Feed additives mitigate for ASFV
Blueprint: Antimicrobial products inactivate viruses in two different ways.
By Megan C. Niederwerder, Kansas State University
via National Hog Farmer - Oct 12, 2020
Niederwerder is an assistant professor in the College of Veterinary Medicine at Kansas State University.
African swine fever virus is currently considered the most significant threat to worldwide pork production. Not only does ASFV cause severe disease and high case fatality in infected pigs of all age groups, but also detection of the virus in a single pig can shut down export markets and substantially shift the global trade of pork.
Since the first reported case of ASFV in China in August 2018, the virus has spread rapidly to more than 10 Asian countries, including Vietnam, North Korea, Cambodia, South Korea and the Philippines.
Most recently, in May 2020, India reported its first confirmed outbreak of ASF (NHF 2020) and listed the initial virus introduction as occurring in January 2020 (Lundeen 2020).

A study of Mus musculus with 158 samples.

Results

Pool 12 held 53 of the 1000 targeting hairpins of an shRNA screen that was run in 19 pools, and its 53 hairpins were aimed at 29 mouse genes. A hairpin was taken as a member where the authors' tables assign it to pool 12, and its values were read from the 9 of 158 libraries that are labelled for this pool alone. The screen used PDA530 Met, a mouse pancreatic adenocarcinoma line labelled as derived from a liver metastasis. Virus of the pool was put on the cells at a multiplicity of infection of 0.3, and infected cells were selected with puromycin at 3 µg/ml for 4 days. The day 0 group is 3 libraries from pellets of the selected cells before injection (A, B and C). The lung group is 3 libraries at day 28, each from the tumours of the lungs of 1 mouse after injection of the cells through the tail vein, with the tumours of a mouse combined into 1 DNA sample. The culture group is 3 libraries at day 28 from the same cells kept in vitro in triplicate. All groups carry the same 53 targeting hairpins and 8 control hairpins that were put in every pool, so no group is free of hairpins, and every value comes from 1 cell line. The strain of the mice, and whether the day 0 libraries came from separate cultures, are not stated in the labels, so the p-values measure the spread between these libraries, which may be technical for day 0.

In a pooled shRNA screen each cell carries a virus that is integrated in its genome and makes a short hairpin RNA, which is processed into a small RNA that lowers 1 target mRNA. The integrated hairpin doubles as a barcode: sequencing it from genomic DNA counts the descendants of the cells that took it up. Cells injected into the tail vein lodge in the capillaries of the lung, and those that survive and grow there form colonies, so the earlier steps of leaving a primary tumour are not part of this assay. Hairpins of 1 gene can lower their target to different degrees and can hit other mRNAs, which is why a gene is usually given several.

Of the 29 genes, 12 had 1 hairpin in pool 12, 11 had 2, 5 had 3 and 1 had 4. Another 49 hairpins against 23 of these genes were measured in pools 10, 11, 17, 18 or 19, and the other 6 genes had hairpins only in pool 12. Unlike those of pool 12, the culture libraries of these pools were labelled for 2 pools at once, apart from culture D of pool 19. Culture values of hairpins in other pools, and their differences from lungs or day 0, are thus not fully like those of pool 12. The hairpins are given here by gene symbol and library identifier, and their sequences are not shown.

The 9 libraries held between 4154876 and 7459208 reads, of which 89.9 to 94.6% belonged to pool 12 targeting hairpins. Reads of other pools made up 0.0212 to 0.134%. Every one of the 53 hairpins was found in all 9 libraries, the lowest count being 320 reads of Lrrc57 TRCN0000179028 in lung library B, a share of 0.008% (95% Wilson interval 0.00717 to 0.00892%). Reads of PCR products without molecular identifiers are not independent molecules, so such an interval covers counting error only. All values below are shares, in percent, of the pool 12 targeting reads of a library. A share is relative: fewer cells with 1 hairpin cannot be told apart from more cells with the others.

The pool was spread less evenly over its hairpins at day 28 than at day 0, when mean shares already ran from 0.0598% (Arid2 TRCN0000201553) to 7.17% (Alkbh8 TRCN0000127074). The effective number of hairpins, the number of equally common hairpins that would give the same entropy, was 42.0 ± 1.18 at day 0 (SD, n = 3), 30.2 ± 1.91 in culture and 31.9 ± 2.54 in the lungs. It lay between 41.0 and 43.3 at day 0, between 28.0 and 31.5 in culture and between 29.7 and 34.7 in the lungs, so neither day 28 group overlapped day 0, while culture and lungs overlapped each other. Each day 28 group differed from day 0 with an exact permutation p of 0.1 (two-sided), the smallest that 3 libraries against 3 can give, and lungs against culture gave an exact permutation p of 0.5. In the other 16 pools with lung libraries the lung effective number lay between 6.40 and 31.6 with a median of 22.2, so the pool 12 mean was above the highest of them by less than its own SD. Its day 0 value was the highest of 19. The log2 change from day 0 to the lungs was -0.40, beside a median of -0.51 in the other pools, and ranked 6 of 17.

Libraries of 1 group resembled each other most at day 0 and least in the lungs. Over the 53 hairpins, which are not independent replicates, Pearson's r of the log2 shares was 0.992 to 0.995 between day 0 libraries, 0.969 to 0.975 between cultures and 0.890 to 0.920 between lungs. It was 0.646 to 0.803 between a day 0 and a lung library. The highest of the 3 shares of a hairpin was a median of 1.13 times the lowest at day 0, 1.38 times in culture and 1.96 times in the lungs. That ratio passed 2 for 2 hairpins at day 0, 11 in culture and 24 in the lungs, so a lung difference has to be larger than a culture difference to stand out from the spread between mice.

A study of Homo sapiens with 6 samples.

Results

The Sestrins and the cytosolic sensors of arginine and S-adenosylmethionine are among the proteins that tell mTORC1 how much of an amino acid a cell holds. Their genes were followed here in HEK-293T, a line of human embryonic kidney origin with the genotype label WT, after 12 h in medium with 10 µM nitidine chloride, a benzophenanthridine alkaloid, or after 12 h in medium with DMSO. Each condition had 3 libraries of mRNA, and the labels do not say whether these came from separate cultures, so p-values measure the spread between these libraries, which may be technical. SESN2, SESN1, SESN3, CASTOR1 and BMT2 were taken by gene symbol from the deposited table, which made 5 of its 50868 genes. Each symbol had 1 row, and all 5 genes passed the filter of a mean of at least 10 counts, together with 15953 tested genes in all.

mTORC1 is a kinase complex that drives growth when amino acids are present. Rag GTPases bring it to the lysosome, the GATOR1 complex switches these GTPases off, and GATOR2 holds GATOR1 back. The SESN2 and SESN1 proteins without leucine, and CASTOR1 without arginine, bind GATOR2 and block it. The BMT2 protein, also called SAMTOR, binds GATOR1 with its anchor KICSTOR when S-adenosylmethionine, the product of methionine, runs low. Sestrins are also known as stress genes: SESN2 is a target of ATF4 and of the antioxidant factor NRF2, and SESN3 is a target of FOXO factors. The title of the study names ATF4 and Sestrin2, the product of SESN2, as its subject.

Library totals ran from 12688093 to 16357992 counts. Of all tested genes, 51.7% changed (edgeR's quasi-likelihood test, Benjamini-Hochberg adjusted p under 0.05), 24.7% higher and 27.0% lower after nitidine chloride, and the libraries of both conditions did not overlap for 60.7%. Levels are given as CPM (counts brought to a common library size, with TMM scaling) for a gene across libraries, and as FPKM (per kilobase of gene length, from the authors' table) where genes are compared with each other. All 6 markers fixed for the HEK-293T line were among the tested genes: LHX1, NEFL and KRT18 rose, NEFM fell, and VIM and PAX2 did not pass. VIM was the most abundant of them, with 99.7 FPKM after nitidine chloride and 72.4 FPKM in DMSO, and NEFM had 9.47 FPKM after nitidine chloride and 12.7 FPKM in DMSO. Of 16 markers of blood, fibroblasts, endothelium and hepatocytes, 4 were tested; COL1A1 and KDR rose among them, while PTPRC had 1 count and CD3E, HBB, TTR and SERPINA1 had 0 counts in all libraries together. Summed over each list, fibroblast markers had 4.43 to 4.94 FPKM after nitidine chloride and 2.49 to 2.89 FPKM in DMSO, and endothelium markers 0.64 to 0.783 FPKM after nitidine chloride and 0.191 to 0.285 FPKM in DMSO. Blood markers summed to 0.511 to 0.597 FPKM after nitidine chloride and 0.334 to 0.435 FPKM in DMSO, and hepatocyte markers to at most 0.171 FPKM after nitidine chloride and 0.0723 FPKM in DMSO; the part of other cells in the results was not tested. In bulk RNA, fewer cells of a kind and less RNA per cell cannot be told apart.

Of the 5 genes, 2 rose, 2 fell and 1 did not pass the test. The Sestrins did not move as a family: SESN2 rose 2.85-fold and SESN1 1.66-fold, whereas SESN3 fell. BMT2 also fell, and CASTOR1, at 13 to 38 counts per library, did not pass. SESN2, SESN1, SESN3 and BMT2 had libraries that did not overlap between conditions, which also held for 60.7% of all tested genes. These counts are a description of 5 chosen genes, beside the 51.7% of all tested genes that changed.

Concurrent to the spread of ASFV through Asia over the last two years, the virus was also being detected for the first time in several European countries, such as Belgium, Slovakia, Serbia and Greece.
Most recently, in September 2020, Germany reported its first case of ASFV detected in a dead wild boar located in close proximity to the border of Poland (Durisin, Parkin et al. 2020).
Within days of the announcement of ASF being detected in Germany, China and several other Asian countries, including Taiwan and Japan, banned pork imports and live pigs from Germany (Welshans 2020).
The discovery of ASFV and the resulting bans on pork from
Germany, the largest swine producer in the European Union, will cause substantial shifts in global pork markets. The impact of ASF on pork exports and the importance of preventing entry of the virus into U.S. swine herds cannot be overstated.